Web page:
Content Without Kids, A Guest Post by No Kid Woman

Our thanks to Jula Pereira of No Kid Woman for today’s guest post. 

Jula Pereira is a freelance writer and childfree blogger living in beautiful Sonoma County with her partner and their dog Timmy.  She is the creator  Follow her on Twitter @nokidwoman.

Jula Pereira, freelance writer and childfree blogger

Jula Pereira, freelance writer and childfree blogger

According to a recent study conducted by the U.K.’s Open University, it appears that couples without children are more content in their relationships. The survey called Enduring Love included 4,494 participants, the majority of which were women. In the summary of the results, they state that “childless married and unmarried participants are happier with their relationship and their partner than parents.” I am not surprised by these results, as it seems to boil down to a question of time and availability in relationships. With children, there’s so much less energy to go around and it’s difficult to maintain a primary relationship.

The notion that a woman can have it all has been hotly debated in the press. Women are being pulled in multiple directions and the notion of supermom is still embedded into our collective consciousness. I work a forty-hour week job and I still don’t feel as though I have enough time in the day to complete everything I want. I have no idea how people can extend themselves even further and answer the demands and needs that children bring at all hours and minutes of the day.  And then after those needs are addressed, there is the primary relationship to nurture.

The study also reports that “parents appear to engage in less relationship maintenance than childless participants.” I can see this being true. What I really appreciate about partnership are the little things on a day to day basis. I think that it is important to say thank you often, to show gratitude and physical affection and to demonstrate that you are still deeply attracted to each other.  It’s so easy to snap at each other when you are tired or exhausted.  And that can lead to taking your partner for granted.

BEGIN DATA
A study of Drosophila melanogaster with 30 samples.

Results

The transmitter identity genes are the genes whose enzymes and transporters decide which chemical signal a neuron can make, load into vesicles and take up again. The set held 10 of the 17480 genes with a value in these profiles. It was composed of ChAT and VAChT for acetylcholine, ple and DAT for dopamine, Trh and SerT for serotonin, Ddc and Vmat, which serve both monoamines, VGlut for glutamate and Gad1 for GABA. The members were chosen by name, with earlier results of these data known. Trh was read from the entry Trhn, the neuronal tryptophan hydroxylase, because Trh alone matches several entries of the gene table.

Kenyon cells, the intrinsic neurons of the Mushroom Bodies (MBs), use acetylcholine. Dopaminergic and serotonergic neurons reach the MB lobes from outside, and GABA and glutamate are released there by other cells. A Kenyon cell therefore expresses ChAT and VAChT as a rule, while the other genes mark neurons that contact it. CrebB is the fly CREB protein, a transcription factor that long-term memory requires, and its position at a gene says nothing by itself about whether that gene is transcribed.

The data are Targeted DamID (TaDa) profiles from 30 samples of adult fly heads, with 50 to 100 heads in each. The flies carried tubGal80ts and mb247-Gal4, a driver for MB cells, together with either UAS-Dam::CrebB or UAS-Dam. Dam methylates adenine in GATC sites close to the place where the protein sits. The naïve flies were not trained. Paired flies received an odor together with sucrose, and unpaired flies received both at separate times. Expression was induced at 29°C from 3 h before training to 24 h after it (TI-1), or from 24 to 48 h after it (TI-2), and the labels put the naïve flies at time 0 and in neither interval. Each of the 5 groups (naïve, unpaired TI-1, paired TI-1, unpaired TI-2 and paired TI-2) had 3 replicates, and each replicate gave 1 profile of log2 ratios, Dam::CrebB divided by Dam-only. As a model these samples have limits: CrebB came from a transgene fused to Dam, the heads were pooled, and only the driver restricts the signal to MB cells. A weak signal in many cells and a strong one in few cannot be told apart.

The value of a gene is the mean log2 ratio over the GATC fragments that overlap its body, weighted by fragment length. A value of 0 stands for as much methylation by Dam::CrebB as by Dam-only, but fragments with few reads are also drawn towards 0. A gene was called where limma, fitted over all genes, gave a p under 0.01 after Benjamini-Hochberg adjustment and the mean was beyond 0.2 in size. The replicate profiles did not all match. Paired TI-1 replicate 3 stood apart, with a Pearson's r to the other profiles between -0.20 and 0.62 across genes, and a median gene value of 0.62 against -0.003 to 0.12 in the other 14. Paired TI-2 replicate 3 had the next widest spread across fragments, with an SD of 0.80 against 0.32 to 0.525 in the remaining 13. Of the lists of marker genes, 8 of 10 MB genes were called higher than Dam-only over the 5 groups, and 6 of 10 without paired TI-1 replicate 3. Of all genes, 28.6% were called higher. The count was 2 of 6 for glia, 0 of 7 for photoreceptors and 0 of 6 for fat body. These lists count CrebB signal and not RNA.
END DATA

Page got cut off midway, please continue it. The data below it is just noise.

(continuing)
Obviously I’m most likely coming from a very biased place because my partner and I don’t have children, but I’ve been observing some of my immediate friends and their relationships.  Couples who used to prioritize their relationships with nightly walks or frequent date nights barely have the time to check in with each other anymore.  And if there is a fleeing moment to chat, it seems like the conversation is probably saturated by the next day’s schedule and who will accomplish what.  It’s super kid-centric.

One of the happiest couples I know have consciously chose to remain childless.  They take care of developmentally delayed adults in a group home, acting as foster parents in this respect.  They have to work closely together and communicate with each other about the health and well being of their “guys.”  What I see in this couple is a deep respect for each other and a prioritization in their relationship that naturally comes with spending quality time together.

It seems as though even the most devoted couples who have kids struggle.  Kids forever change your relationship.  I really don’t know how they manage to sustain the basis of their foundation and nurture their unit on a daily basis.  Sure, there is probably also satisfaction garnered from having children.  In fact, the study from Open University actually said that the mothers were overall happier than childless women.  However, the area that they suffered the most was in their relationships.

But nowadays, a lot of people feel guilty if they don’t prioritize their children above everything else, including their primary relationship.

The article How American Parenting is Killing the American Marriage states that “parenthood has become our new priority and religion.”  Basically parenthood takes an all encompassing priority, resulting in neglected marriages.  The article also points out that mothers in particular are expected to be the holy ones who don’t want sex or can’t take pleasure in anything that does not relate to her children.  What type of quality of life are we expecting of women?

Your primary relationship provides love and sustenance that is very unique to your health, well-being and happiness.  In a way, I do think that this comes first.  Perhaps that is one of the main reason that the Open University Study showed that the childfree women were happier in their relationships. 

One Response to Content Without Kids, A Guest Post by No Kid Woman

  1. Liz December 16, 2014 at 8:22 pm #

    Very interesting! One of the reasons I didn’t want to add children to my marriage is I didn’t want a third person involved in my very satisfying relationship. I treasure my marriage very much, I never wanted to strain it with the daily intensity of raising a human being. I love being partners with my husband, we are a strong team of two!